The Whole Half, or Less / by B. Roche

I try to stay away from “the book was better” debates. Luckily, George Romero's The Dark Half doesn’t force us to say the book is better. The book isn’t better, but the movie isn’t either.

Don’t get me wrong. The Dark Half is a solid Stephen King adaptation, maybe right in the middle of the rankings. But it has some of the same flaws as Stephen King's novel, mainly that the core concept of duality is more powerful than the ways that King, and then Romero, try to tell that story.


The Dark Half is reminiscent of other King works, yet it goes deeper into one of his more fascinating offshoots: the pseudonymous Richard Bachman books. Thad Beaumont (Timothy Hutton) is an author of literary fiction (I was disappointed the name is pronounced “Thad” and not “Tad”) who has been secretly writing grimy, sadistic pulp under the pen name George Stark. When a scumbag threatens to “unmask” him, Beaumont decides with his wife (Amy Madigan) to “kill off” Stark instead. They do a cheesy People magazine piece announcing Hutton is the writer behind Stark, with a fake tombstone and everything. But then George Stark appears in the flesh and starts murdering everyone associated with the People story. The police (Michael Rooker as Castle Rock Sheriff Pangborn) suspect Hutton, because his fingerprints are at every crime scene because he and George Stark are the same person even though Stark isn’t real. Doppleganger Doppledanger ensues.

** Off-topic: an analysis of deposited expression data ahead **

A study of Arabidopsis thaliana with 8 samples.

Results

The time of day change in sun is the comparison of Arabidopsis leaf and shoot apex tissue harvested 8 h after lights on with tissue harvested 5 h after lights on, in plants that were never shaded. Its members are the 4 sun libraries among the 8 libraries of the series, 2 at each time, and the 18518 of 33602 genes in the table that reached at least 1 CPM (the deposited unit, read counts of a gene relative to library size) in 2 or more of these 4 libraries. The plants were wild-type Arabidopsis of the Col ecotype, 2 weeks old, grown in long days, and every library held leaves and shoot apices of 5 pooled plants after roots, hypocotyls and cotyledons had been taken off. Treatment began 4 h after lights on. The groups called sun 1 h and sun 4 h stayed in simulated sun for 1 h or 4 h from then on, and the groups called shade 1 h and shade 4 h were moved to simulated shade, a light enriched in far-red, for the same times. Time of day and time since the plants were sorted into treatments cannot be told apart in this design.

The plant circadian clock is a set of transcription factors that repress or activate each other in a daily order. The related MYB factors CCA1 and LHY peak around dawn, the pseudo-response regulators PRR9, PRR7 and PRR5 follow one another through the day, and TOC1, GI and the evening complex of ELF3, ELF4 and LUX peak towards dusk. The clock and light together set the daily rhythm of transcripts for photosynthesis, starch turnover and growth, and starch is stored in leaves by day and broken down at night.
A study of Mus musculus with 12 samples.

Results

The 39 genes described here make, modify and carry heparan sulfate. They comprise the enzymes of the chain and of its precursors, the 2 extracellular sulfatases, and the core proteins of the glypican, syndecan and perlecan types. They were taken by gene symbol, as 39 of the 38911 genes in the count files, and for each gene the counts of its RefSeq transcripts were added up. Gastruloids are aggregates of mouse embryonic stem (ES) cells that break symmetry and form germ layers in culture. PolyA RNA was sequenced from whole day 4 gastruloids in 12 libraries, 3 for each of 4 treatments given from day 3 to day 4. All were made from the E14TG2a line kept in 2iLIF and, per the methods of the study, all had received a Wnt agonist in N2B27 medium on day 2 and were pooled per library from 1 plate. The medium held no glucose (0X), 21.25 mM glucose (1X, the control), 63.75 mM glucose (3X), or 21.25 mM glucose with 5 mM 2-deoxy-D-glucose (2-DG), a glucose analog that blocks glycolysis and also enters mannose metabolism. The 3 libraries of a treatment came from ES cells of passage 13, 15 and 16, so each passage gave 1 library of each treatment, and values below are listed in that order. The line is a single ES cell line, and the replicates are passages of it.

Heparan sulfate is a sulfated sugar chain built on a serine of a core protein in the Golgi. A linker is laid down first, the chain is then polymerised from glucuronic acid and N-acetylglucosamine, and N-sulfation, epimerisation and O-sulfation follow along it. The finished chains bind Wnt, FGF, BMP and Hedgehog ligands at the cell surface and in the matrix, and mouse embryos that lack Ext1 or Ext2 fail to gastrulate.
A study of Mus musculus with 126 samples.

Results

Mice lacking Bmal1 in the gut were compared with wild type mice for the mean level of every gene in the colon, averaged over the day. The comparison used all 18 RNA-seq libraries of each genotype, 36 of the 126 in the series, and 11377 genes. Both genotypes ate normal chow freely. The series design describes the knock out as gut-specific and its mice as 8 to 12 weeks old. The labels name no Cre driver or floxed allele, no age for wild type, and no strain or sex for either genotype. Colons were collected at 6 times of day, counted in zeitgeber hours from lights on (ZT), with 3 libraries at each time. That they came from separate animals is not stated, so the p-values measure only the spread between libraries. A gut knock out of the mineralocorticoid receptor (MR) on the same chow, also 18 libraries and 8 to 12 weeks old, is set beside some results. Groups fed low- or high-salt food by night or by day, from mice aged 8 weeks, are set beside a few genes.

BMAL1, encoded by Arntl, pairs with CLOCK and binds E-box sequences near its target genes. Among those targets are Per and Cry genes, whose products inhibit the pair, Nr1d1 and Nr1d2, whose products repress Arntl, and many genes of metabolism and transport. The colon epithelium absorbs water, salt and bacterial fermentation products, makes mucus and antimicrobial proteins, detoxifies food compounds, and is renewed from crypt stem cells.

George Stark isn’t helping. In the book, Stark is completely physically dissimilar from Thad Beaumont. He’s this huge, ferocious bear of a man. For the movie - and in 1992, before CGI might have helped the cause - they cast Timothy Hutton as both. Hutton’s not bad as Stark, exactly. He’s just not physically threatening. So it just feels like this nice, if intense, guy play-acting the villain.

The other thing is the sparrows. The book makes great use of huge flocks of sparrows as unsettling sideshow to Thad Beaumont’s “Dark Half”, the twin he absorbed in the womb who later manifests as George Stark in Beaumont’s mind when he writes a “George Stark” novel, and then as a person. But in the movie it just felt like an extraneous detail. Sure, lots of birds is scary. In a movie about scary birds. In this movie, I think the duality of the character is what you've got to focus on. I feel like a hack studio executive, but my note is, “too many birds!”

I’m thinking through George Romero’s career, and The Dark Half has to got to be pretty much his biggest commercial opportunity. He’s adapting a bestselling novel from the most popular writer of the time for a major studio. If it had been more successful, who knows what other Romero movies we could have had? The Dark Half is fine, particularly for fans of Romero or King, but there’s much better of both.